Kola Boof (born Naima Bint Harith) is is a Sudanese-American novelist.
Kola has become the new black woman writer that "lots of people love to hate". Remember back in the 70's and 80's when authors like Alice Walker, Ntozake Shange, Gayl Jones and even Toni Morrison were widely cursed and demonized for the skeletons they exposed? Well now we have the strangely fabulous and daring Kola Boof (she's a sexy feminist literary babe slash African warrior girl slash historian) and she's already getting death threats by the ton! Why is her work so confrontational?
Miss Boof claims it's because she was adopted and raised by Black Americans. She credits her teen years in the lower class Anacostia Park section of Washington D.C. with giving her "the nerve and skill of a hornet".
In her native Sudan, they told her that if she ever tries to return, she will be killed on the spot (Ms. Boof has joined Dr. John Garang's SPLA in an effort to end Arab-Islamic slavery and oppression of Black Africans in Sudan). Born on the Nile River to archeologist Harith Bin Farouk (an Arab-Egyptian of "hemetic" ancestry) and his only wife Jiddi (a blue black Gisi-Waaq princess of Somalia's Oromo nomads), Kola Boof came to America after her parents were murdered by "the murhaleen" (because her father, Arab-Islamic himself, spoke out against the slavery he had witnessed). Kola was then put up for adoption by her Egyptian grandmother, who felt that Kola's skin was too dark for assimilation with the rest of the family.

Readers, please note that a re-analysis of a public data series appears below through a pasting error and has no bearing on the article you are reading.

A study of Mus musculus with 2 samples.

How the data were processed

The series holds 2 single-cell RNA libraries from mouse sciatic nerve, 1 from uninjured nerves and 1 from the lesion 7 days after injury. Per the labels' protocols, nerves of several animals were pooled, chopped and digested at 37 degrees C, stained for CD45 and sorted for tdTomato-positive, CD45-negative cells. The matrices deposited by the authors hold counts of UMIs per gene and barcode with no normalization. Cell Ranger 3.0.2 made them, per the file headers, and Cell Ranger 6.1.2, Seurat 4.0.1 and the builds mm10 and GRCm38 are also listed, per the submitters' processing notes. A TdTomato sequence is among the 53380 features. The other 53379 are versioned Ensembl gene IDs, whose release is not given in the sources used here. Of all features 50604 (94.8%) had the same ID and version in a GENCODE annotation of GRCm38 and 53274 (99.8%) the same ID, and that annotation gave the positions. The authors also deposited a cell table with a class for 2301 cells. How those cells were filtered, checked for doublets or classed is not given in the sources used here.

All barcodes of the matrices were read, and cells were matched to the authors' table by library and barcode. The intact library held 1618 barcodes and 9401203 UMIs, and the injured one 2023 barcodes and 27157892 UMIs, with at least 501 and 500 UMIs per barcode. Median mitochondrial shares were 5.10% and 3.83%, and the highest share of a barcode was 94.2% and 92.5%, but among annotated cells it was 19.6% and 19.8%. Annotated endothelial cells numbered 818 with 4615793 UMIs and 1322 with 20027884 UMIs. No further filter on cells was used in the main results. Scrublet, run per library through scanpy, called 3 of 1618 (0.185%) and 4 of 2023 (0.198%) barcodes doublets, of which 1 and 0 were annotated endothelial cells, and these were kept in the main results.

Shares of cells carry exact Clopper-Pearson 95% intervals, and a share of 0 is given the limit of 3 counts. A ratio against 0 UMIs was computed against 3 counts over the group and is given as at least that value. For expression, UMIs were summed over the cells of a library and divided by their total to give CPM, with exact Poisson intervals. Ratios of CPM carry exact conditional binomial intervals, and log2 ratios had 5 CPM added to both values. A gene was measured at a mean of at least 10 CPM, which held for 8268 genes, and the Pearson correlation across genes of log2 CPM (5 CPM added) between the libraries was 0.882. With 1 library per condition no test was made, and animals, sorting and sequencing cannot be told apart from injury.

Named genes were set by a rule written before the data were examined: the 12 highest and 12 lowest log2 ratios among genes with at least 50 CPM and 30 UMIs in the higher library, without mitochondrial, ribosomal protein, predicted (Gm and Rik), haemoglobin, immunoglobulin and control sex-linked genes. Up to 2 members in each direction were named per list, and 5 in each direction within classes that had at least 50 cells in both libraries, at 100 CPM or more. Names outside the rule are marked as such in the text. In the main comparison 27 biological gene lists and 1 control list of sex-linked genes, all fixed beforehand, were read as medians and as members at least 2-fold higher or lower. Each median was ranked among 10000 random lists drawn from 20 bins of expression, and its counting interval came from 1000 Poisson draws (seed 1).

Ms. Boof now considers herself "half African, half Black-American" and has used the pain and tragedy of her life to create a distinctive, sometimes "angry" but always outspoken "womanist" voice that champions the survival (whole) of the African race, and especially, the affirmation of black women-their beauty, worth and innate goodness. Kola Boof refuses to compromise on her "blood-black" message and signifies it by insisting she be photographed "topless" for the back covers of her books-in honor of the animist nilotic goddess-based African religion that she embraces.
In 2004, Kola Boof saw the American release of three of her best books. "Nile River Woman", a collection of her best and most controversial poems. The reissue of "Long Train to the Redeeming Sin", her acclaimed bestselling short story collection that was forced out of print the entire year of 2003 after her publisher was firebombed by Dragons for Jihad in Morocco, and the English translation (by Said Musa) of Kola's provocatively erotic Black American historical romance "Flesh and the Devil".